When discussing the topic of socialisation for children, it is usual to hear the word ‘development’. Indeed, socialisation helps a children’s development, but in which ways?
First and foremost, socialisation from an early age prepares children for, well, human life. We are a social species, and as such, social skills are key to build the kind of personal and professional relationships that translate into a happy, meaningful, balanced life. Now, let’s get into a more detailed account of the short-term benefits of socialising your kid:
Frustration tolerance: in a world defined by an ever-increasing number of ‘instant gratifications’ (thanks, social media!), low frustration tolerance is spreading like wildfire among young children, particularly among those who are exposed to interactive screens. You’ve probably already read about it: screens isolate, group play does the exact opposite thing. Socialisation can work as a remedy, increasing a child’s tolerance to frustration and giving the ability to cope with unpleasant feelings and stressful situations.
Learning and respecting rules: group interactions – including play, of course – help children listen to, understand and follow rules. The perk: learning about rules and their functioning in playful environments extends to other situations as well.
Building up self-esteem: social interactions face children to a whole new set of situations, helping them build a more accurate image of themselves and their (shifting) role within different groups of people. In most occasions, interacting with peers helps with confidence and shyness.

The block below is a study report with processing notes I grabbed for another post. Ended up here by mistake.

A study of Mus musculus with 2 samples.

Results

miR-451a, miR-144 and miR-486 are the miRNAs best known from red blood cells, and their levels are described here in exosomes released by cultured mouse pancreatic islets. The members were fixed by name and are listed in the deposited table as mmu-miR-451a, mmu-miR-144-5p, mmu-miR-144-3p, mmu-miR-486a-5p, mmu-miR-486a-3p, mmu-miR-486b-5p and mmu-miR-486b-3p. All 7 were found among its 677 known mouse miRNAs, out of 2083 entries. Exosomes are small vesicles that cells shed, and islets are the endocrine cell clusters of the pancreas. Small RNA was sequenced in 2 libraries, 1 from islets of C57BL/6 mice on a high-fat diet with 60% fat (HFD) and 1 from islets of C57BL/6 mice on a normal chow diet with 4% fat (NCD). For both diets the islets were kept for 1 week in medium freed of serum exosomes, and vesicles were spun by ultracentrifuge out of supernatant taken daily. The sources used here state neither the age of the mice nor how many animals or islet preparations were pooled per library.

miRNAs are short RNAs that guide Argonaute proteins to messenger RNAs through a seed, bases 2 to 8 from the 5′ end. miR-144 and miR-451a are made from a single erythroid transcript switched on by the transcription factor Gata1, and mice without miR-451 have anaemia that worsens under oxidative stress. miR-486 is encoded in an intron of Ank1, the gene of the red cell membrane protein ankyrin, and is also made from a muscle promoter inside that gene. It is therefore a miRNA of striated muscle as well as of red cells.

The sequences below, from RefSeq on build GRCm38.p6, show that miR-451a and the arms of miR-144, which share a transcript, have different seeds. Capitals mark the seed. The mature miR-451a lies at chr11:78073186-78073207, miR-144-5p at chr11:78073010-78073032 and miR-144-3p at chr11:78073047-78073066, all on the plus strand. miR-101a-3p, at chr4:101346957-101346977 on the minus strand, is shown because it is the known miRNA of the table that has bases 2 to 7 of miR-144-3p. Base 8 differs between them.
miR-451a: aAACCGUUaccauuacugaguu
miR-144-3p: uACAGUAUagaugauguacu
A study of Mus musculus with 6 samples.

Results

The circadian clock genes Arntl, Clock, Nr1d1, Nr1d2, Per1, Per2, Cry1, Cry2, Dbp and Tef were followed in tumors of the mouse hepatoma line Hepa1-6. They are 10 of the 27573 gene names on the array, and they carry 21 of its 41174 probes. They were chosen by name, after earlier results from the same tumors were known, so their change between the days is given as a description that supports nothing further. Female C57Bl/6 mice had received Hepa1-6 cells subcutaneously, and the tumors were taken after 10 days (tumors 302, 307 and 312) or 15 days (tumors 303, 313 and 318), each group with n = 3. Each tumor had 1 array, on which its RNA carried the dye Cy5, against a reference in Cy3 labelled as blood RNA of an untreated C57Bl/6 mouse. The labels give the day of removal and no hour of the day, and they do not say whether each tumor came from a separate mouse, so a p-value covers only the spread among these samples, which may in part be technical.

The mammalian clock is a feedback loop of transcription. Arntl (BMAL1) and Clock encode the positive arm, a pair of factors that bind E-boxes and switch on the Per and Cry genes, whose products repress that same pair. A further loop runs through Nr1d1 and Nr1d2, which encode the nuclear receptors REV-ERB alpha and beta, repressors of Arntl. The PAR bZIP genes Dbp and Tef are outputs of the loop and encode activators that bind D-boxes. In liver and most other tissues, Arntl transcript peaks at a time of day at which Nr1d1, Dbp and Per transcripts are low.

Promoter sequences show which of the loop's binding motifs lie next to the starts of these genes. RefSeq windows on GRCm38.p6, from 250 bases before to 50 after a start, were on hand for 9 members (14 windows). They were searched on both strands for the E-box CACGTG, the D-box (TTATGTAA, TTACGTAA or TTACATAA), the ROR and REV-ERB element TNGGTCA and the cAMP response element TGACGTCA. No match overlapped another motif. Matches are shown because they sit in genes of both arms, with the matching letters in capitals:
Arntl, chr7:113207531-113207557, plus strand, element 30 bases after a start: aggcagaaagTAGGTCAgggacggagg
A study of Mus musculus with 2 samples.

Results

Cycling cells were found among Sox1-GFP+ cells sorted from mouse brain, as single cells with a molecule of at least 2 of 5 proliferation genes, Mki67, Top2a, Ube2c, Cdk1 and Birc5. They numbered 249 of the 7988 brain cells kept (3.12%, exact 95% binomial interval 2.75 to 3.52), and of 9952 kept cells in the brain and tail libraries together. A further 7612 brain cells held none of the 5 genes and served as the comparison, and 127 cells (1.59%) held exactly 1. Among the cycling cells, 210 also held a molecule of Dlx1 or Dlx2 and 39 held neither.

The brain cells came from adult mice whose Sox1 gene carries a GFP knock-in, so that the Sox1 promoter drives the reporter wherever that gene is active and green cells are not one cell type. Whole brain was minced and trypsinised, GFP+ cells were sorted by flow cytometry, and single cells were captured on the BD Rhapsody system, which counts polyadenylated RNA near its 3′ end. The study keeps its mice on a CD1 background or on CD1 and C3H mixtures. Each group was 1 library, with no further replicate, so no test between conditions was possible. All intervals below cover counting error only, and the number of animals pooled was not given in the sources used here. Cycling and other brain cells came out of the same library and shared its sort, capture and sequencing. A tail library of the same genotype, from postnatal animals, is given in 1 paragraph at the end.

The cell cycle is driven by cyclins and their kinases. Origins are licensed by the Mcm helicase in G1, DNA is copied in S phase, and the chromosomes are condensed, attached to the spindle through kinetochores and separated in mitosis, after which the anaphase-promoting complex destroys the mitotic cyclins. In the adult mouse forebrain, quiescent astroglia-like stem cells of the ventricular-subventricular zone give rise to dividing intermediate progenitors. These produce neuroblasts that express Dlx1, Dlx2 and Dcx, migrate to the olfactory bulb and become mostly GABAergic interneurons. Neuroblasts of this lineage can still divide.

Improving communication: in a group, a child will need to communicate with other children in order to be understood and heard. Socialisation will likely take your kid’s communication skills to a whole new level. In addition, trying to decode your toddler’s wishes and thoughts will become less of a thing as the social skillset is properly developed.
Teamwork: in a group, going solo is the less attractive option – teamwork is the natural, and most desirable outcome. Your child will learn to respect the work of others, play a role and become part of something bigger.
These are only some of the many benefits that socialisation will bring to your child’s life. Others include increased awareness, learning to respect other people and becoming used to sharing objects and experiences.
How to socialise your children?
Socialisation in children takes place - almost exclusively - through play. This can happen in both formal and informal environments and situations: from the kindergartens’ playgrounds to a birthday party in a backyard.
Needless to say, it is important to encourage the little ones to integrate themselves to a new group play group, and to overcome that initial shyness which will likely make an appearance. Parent supervision is always advised for safety, but remember to let them be: they will likely be making new friends from the get go!